We who love nature owe much to the late David Brower, who, according to his wife, "dropped out of school before they could teach him what he couldn't do."
Brower left UC Berkeley at the age of 16 and turned instead to the mountains for, quite literally, a higher education. Brower ascended peaks that had never been climbed before and came down from the mountains on fire for the preservation of wildness, becoming the impassioned leader who transformed the Sierra Club from a politically innocuous hiking club to a formidable defender of nature.
The very obsession with conservation that fueled Brower's victories also made him the victim of "founder's syndrome," which happens when an organization stabilizes then rejects the Moses-like leadership that got it started. Once the trails had been blazed, whether natural or administrative, Brower pushed on to new challenges.
This year marks the 100th anniversary of Brower's birth, and his life is celebrated in a new book, The Wildness Within: Remembering David Brower. What makes the book exceptional is that the author, David's son Kenneth Brower, bucks the traditional biography genre and instead interviews his late father's colleagues (and one grandchild), from Paul Ehrlich, who wrote The Population Bomb with Anne Ehrlich, to Amory Lovins, the energy guru who gave us the negawatt.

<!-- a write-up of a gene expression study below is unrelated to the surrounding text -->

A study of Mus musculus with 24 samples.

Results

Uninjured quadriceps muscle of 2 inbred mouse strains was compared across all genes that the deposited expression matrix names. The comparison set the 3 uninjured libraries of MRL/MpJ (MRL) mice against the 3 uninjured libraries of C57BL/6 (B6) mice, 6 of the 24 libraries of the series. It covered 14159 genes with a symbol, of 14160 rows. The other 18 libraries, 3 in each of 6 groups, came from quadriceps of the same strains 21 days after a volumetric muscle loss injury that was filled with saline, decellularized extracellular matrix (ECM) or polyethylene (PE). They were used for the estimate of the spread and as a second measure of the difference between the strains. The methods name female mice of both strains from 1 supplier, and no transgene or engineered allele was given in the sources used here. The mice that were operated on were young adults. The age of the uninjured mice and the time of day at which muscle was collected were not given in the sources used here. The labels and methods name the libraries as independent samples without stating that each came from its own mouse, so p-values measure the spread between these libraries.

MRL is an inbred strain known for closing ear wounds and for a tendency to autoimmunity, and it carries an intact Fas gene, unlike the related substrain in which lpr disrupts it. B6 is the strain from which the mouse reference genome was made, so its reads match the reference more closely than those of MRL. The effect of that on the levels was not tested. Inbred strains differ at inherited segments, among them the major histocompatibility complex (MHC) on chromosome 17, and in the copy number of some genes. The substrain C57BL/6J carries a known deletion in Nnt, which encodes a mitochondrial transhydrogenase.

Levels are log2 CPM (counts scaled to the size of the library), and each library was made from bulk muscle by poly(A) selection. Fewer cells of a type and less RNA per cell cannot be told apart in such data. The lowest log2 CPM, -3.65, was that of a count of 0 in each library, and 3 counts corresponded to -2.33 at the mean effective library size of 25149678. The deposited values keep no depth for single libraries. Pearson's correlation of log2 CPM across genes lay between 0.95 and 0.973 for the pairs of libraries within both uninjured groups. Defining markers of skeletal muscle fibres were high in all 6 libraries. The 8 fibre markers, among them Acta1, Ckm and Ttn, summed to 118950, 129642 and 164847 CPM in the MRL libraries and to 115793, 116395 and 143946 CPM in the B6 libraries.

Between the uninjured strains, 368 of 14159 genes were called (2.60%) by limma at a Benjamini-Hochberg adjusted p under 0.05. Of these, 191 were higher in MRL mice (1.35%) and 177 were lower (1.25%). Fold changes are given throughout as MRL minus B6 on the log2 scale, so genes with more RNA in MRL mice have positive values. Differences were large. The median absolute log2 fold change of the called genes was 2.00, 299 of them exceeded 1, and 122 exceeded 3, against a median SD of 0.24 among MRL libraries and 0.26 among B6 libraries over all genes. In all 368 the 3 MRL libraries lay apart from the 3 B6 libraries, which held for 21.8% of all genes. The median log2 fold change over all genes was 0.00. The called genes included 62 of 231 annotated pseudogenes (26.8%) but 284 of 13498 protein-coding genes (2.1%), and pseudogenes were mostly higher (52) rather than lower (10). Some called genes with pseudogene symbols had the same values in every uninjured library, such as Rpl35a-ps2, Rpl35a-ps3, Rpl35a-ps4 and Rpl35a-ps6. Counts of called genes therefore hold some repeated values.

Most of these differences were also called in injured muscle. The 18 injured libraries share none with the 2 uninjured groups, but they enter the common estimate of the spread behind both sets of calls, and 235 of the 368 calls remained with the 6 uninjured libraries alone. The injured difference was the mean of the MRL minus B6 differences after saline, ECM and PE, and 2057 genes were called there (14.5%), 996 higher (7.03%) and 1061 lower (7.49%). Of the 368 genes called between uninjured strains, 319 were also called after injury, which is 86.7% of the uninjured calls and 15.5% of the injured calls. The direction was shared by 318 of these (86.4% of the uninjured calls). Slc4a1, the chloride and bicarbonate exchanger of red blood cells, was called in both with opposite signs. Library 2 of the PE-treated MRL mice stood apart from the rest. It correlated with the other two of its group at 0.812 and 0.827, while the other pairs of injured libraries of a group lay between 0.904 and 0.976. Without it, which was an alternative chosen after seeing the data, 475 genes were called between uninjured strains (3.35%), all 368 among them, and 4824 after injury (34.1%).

The author's patchwork of in-depth interviews reveals more than the portrait of a great man; it unites early and recent history makers of the environmental movement, raft trip by raft trip, legal battle by legal battle. In doing so, this book about David Brower becomes more than a simple biography; it serves as a tool to forward the man's cause. As a multilayered history text, The Wildness Within is a wake-up call reminding readers not to doze in the fight for conservation.
Ehrlich explains that population growth, still a key factor in environmental degradation, was "misinterpreted" in the United States, and we're "still heading towards 10 billion on the planet, when we ought to be about one and a half or 2 billion."
Richard Norgaard, ecological economics professor at UC Berkeley, reminds us that "basic economics doesn't give answers." The author compares Norgaard to Quaker Kenneth Boulding, who said, "Anyone who thinks you can have infinite growth on a finite planet is either a madman or an economist."
Kenneth Brower reads and discusses 'The Wildness Within' in a benefit for Stewards of the Coast and Redwoods on Saturday, June 23, at Armstrong Woods. 17000 Armstrong Woods Road, Guerneville. Noon. $50 includes signed book and lunch. 707.869.2240.